Cairo: Russian Foreign Minister Sergei Lavrov has given reassurances regarding global grain stocks after fears emerged that the supply chain could be thrown into chaos following missile strikes on a key Ukrainian city.

Ukrainian and Russian representatives last week signed a deal brokered by Turkey and the UN in Istanbul. The series of documents lifted restrictions on supplies of Russian products for export and provided for Moscow's assistance in exporting Ukrainian grain.

A day after the deal was signed, the Russian Defence Ministry said that Russian naval forces have destroyed a docked Ukrainian warship and a warehouse of US-supplied Harpoon missiles with high-precision long-range missiles in the port of Odessa.

Addressing a press conference during his Egypt visit, Lavrov reaffirmed the commitment of Russian grain exporters to meet all their commitments.

"We discussed specific parameters of cooperation in this area, agreed on further contacts between the relevant ministries, and we have a common understanding of the causes of the grain crisis," Sky News quoted Lavrov as saying after meeting his Egyptian counterpart Sameh Shoukry.

The Russian Foreign Minister made these remarks during his first African tour since the beginning of the Russian-Ukrainian conflict that started in late February. The tour is scheduled to include Ethiopia, Uganda and the Democratic Republic of the Congo.

The Russian top diplomat said he had "a constructive dialogue" with the Egyptian president and later with his Egyptian counterpart, expressing Russia's appreciation for the fast-growing relations between the two countries.

Speaking at a joint press conference after meeting with Shoukry, Lavrov lauded the expanding economic cooperation and growing trade volume between Russia and Egypt.

He added that Russia and Egypt have shared views on many regional and global issues, including the Palestinian-Israeli conflict and the crises in Syria, Libya and Iraq.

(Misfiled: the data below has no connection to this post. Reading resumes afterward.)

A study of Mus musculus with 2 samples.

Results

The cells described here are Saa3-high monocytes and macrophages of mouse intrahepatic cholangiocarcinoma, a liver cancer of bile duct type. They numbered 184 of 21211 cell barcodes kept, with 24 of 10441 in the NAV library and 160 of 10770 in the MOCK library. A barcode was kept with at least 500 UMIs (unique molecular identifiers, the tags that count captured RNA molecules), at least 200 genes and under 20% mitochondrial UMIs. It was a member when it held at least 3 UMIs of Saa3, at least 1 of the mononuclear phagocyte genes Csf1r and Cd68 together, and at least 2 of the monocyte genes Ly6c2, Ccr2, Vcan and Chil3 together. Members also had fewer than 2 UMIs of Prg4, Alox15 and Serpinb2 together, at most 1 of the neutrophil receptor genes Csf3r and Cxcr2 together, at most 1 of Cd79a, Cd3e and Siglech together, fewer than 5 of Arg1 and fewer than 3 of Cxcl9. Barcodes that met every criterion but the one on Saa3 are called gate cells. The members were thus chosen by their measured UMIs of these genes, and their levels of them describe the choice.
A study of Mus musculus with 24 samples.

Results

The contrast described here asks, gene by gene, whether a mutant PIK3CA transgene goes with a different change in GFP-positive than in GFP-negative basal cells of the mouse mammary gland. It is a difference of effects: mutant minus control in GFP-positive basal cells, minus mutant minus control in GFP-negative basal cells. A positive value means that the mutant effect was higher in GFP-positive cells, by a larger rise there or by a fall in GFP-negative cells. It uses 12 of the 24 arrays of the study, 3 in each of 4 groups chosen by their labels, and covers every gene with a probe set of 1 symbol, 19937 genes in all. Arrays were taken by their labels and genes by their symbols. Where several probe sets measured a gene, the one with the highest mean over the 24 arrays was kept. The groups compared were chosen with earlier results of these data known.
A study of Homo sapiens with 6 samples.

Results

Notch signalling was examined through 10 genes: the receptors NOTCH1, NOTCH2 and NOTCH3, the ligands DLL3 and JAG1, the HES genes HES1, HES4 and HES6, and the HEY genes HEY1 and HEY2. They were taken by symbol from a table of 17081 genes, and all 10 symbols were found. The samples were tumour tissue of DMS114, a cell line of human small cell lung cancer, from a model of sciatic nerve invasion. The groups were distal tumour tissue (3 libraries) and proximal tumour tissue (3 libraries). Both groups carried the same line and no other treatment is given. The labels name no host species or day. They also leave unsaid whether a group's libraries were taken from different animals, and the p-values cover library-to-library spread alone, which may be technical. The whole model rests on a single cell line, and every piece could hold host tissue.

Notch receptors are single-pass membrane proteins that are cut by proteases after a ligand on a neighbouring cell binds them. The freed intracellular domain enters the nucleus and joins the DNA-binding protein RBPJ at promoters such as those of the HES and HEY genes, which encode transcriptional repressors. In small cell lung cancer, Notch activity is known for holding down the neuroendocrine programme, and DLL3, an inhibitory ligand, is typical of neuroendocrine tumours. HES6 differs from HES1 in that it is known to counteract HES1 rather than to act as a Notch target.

As for a global food shortage resulting from the Russian-Ukrainian conflict, Lavrov blamed the Western sanctions for obstructing Russian grain exports, noting that Russia and Ukraine recently signed an agreement to help relieve the food crisis through safe corridors in the Black Sea for grain exports.

Lavrov noted that his tour in Africa also seeks to discuss preparations for the second Russia-Africa summit that is scheduled for mid-2023. For his part, the Egyptian foreign minister reiterated the need to reach "a political and diplomatic settlement" of the Russian-Ukrainian crisis.

Shoukry added that he discussed with Lavrov the Palestinian-Israeli conflict and they both agreed on the necessity of the two-state solution as a settlement to the issue.

Ahmed Kandil, head of the International Studies Unit at Cairo-based Al-Ahram Centre for Political and Strategic Studies, said that the timing of Lavrov's tour in Africa is very important as it comes after two recent important meetings, one in Jeddah attended by leaders of the United States and the Gulf Cooperation Council (GCC) member states, plus Egypt, Jordan and Iraq, and the other in Tehran gathering leaders of Russia, Iran and Turkiye.

"Lavrov's scheduled visit to Ethiopia after Egypt could be a message from Moscow that Russia can play an important role in solving the region's issues, the foremost of which is the Grand Ethiopian Renaissance Dam (GERD) crisis," the Egyptian expert told Xinhua, referring to the dispute between Cairo and Addis Ababa on the rules of filling and operating the dam built on their shared Nile river.